One of the eHealth 2010 sessions that I looked forward to the most was a panel discussion with Dr. David Blumenthal, Director of the U.S. Office of the National Coordinator (ONC) for Health IT, and Mr. Richard Alvarez, President and CEO, Canada Health Infoway. Both gentlemen have challenging mandates and there is no shortage of “monday morning quarterbacks” analyzing their every decision and parsing their every word.
Alan Gregg, noted pollster and social commentator, moderated the session. For someone who professed to know very little about eHealth, he demonstrated an amazing grasp of the issues. Citing his own research, Mr. Greg offered the following observations:
- Physicians view themselves as independent operators.
- Physicians don’t want bureaucrats dictating what they do.
- Left to their own devices physicians will do nothing to promote EMR/EHR.
- Not clear what eHealth offers a politician. Why should they support it?
- Not a “build it and they will come” proposition. Need to get politicians, patients and physicians to buy-in first.
- eHealth is very much a communication and engagement issue.
Before taking questions from the audience, Mr. Gregg interviewed Dr. Blumenthal and Mr. Alvarez. Some highlights of the conversation with Dr. Blumenthal included:
- “Meaningful use” is a powerful concept with which to measure progress. Dr. Blumenthal stated that “meaningful use” was one way to ensure that technology was making a difference. He further elaborated that “meaningful use” starts with where we want to be with healthcare, not with what we want to do with technology.
- Biggest challenge will be creating interoperability. Felt that adoption will happen in any event, if only because new physicians will bring it to the practice of medicine.
- US is employing a “carrot and stick” approach using financial incentives / penalties through Medicare / Medicaid funding.
- When asked about the business case for eHealth, Dr. Blumenthal cited his personal experience as a primary care physician. He stated that he was initially a reluctant EMR user but became a convert through a series of personal experiences. He shared one of these stories in which an alert generated by the EMR gave him the information he needed to cancel a diagnostic imaging test that he was about to order. Dr. Blumenthal used this personal anecdote to demonstrate that hard cost savings that are possible through immediate access to all relevant patient information.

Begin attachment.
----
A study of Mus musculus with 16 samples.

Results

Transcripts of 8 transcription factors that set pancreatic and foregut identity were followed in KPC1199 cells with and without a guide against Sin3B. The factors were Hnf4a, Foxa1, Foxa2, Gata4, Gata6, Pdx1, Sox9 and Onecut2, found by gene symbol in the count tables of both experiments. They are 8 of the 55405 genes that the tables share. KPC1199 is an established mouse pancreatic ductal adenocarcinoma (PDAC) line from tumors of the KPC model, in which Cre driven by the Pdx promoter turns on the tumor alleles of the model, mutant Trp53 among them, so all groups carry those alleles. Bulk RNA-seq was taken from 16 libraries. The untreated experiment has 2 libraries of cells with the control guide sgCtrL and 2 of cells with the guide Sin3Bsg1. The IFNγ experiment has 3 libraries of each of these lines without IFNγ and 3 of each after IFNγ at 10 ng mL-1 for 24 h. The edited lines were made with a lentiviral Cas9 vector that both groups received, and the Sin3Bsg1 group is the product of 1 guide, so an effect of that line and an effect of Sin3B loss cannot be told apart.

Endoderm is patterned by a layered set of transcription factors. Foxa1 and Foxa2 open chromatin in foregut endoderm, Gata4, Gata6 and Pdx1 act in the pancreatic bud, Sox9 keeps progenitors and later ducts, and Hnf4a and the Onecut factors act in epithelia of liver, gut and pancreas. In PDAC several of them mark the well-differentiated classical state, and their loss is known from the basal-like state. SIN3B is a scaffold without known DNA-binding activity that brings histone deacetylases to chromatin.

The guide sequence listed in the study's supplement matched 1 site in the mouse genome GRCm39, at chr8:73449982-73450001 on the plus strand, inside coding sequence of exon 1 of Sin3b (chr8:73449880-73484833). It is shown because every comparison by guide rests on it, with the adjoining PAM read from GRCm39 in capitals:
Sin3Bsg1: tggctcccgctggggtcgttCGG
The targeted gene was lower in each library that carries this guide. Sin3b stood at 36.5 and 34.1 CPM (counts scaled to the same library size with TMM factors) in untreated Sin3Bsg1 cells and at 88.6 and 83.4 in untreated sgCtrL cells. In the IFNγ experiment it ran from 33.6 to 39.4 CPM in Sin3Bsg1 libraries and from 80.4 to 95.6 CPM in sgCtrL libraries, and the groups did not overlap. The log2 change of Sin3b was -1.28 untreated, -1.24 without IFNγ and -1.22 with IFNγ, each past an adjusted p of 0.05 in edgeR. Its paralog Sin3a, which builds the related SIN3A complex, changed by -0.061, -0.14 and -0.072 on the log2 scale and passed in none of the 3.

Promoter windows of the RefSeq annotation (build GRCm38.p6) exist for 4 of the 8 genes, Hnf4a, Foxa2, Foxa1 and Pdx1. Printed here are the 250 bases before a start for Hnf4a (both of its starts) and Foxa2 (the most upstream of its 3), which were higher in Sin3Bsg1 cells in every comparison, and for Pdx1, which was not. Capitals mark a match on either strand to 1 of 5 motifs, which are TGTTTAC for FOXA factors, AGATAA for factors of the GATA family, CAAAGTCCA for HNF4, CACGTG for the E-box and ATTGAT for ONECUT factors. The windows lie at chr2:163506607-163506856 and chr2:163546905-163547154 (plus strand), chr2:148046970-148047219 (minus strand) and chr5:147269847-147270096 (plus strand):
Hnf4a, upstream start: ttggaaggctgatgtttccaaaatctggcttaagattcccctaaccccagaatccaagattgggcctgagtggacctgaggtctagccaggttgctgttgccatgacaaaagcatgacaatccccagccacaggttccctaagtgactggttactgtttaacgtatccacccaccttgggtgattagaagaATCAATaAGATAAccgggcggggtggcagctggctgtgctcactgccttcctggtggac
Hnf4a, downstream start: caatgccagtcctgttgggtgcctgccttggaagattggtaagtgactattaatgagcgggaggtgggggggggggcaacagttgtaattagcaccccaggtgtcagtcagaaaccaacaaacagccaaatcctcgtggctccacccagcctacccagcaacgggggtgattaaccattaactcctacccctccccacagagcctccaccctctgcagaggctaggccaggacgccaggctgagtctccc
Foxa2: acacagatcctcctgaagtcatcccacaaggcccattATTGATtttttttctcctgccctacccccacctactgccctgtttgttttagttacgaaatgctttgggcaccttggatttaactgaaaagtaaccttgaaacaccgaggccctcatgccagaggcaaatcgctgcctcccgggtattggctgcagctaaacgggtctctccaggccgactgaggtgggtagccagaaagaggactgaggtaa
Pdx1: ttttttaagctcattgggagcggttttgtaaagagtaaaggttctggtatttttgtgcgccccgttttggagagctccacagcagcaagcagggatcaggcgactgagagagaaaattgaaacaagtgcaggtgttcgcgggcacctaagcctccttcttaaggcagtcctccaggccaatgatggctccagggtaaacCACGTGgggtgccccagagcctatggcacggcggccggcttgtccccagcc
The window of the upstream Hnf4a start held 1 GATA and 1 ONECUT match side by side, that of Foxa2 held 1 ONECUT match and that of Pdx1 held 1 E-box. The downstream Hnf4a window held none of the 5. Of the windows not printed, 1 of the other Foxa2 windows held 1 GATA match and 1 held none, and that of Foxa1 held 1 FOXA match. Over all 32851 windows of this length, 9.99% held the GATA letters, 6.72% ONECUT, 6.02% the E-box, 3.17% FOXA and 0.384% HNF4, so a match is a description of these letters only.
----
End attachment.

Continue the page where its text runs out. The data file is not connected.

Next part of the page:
- Thinks that the Scandinavian countries are perhaps the most advanced with regard to eHealth use and adoption. He noted, however, that these countries are considerably smaller than the US or even Canada and are still struggling with a framework for information exchange.
Highlights of the conversation with Mr. Alvarez included:
- Accomplishments to date include:
- Have put standards in place
- Have defined an eHealth architecture that is used by all jurisdiction
- 300 projects currently underway, most of which are in the implementation stage
- Every province is at a different stage, with some provinces, like Alberta, much further along the path to having a comprehensive EHR in place.
- Have made significant progress in diagnostic imaging and telehealth
- While Infoway could have started with EMRs in physician offices, they did not feel that it was the right approach at the time. Now that other core pieces of the EHR framework are in place, Infoway will be committing a significant portion of the recently received $500M federal government investment in to EMRs and interoperability.
- Mused about the challenges of Canadian federalism and noted that with regard to eHealth, the jurisdictions are more collaborative than they are with respect other aspects of health.
- When asked about the business case for eHealth, Mr. Alvarez indicated that Infoway has systematically examined the benefits and identified on the order of $6B in savings. Recent studies of the benefits of diagnostic imaging and drug information systems have shown savings on the order of $1B each.
- With respect to “meaningful use”, Mr. Alvarez stated that Canada has been “muddling along” with respect to adoption metrics and will be borrowing some ideas from the US in this area.
- Mr. Alvarez challenged the belief that it is “taking so long” to implement eHealth. He noted that the banks took decades to go from computerizing their ledgers to the on-line banking systems that we know today. Mr. Alvarez asserts that eHealth implementation is a 10 to 15 year journey and that Canada is making good progress.
This plenary session was probably one of my favorite events at the conference. I continue to be amazed by Dr. Blumenthal’s leadership and was pleased to see Mr. Alvarez acknowledge that Canada could learn some lessons from the US approach.